Under Obama EPA Charges Conservative Groups Information Fees, But Waives Them For Green Groups

It turns out the IRS may not be the only branch of the federal government engaging in ideological discrimination. According to FOIA requests, the EPA waives fees for accessing public information 93% of the time for green groups friendly to the Obama administration’s environmental agenda. But 92% of the time conservative groups were charged the fee.

That from “the most transparent administration in history.”

For 92 percent of requests from green groups, the EPA cooperated by waiving fees for the information. Those requests came from the Natural Resources Defense Council, EarthJustice, Public Employees for Environmental Responsibility, The Waterkeeper Alliance, Greenpeace, Southern Environmental Law Center and the Center for Biological Diversity.

Of the requests that were denied, the EPA said the group either didn’t respond to requests for justification of a waiver, or didn’t express intent to disseminate the information to the general public, according to documents obtained by The Washington Examiner. CEI, on the other hand, had its requests denied 93 percent of the time. One request was denied because CEI failed to express its intent to disseminate the information to the general public. The rest were denied because the agency said CEI “failed to demonstrate that the release of the information requested significantly increases the public understanding of government operations or activities.” Similarly, requests from conservative groups Judicial Watch and National Center for Public Policy Research were approved half the time, and all requests from Franklin Center and the Institute for Energy Research were denied.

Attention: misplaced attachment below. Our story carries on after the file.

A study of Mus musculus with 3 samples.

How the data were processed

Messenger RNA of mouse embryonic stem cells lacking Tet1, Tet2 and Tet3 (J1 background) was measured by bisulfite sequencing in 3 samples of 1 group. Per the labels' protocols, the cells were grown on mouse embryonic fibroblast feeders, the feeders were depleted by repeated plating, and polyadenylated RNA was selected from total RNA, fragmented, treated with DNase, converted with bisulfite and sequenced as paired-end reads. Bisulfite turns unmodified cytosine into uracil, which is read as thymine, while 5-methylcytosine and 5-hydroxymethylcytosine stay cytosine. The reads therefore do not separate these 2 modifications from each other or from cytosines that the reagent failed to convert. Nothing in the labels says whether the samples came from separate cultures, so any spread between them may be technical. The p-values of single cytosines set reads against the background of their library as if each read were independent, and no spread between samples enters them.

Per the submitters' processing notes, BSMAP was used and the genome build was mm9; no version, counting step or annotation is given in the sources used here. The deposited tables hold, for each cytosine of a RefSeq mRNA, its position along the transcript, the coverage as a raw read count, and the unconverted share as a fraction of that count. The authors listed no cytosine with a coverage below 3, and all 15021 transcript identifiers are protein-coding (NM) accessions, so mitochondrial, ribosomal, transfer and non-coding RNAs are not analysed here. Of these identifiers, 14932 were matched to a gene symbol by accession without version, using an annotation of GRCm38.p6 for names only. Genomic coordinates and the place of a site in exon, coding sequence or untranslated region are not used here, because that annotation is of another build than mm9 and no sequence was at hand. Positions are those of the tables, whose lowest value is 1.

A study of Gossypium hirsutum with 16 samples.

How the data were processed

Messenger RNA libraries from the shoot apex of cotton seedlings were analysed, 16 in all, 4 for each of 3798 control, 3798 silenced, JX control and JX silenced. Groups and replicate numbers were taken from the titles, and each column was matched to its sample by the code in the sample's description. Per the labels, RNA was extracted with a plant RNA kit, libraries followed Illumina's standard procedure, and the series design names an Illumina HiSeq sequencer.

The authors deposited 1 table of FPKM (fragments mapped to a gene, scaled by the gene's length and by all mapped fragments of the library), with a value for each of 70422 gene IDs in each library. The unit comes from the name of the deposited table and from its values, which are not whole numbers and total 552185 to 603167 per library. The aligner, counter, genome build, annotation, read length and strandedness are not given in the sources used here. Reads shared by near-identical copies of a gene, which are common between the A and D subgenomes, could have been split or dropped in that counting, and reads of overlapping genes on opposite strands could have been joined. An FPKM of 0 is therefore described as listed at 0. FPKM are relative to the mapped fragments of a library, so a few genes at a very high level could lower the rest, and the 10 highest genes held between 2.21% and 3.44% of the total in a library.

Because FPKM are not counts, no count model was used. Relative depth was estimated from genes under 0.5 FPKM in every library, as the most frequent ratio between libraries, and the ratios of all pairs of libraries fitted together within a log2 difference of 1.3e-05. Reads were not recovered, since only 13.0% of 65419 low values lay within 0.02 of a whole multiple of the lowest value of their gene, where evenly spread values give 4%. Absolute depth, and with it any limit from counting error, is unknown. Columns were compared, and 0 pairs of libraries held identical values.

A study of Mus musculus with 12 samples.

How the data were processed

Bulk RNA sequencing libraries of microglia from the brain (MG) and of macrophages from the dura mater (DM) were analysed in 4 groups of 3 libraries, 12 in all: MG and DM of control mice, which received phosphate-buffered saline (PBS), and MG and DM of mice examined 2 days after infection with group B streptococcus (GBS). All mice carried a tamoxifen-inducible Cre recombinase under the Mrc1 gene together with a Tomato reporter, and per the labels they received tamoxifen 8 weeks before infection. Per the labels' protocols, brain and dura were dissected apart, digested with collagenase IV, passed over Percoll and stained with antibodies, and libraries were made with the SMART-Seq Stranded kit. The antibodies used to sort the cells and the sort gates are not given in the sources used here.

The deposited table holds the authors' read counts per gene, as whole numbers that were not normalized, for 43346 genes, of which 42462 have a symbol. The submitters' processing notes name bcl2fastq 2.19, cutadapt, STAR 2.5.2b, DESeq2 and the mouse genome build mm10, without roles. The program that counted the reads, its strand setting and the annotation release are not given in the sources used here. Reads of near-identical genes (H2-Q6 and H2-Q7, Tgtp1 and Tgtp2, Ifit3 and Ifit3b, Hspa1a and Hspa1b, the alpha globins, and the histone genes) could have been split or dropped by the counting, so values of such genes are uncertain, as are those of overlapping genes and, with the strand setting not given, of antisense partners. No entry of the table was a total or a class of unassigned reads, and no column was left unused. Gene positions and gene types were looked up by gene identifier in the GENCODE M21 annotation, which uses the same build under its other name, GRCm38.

The federal government shouldn’t be applying these sort of standard to public information releases. The groups requesting the information shouldn’t have to justify why they want the information. The government belongs to all of us. If we want information from the government, we should get it, whatever the reason.

In fact, that is law here in North Dakota. State agencies are not allowed to ask someone making a request for information under open records laws why they want the information. And that’s as it should be. Motivations are irrelevant.

It’s appropriate to charge for the cost of requests – photocopying and other fees – because the taxpayers shouldn’t necessarily have to bear that expense. But such expenses should be evenly applied regardless of the ideology or motivations of those requesting the information.

Rob Port is the editor of SayAnythingBlog.com, a columnist for the Forum News Service, and host of the Plain Talk Podcast which you can subscribe to by clicking here.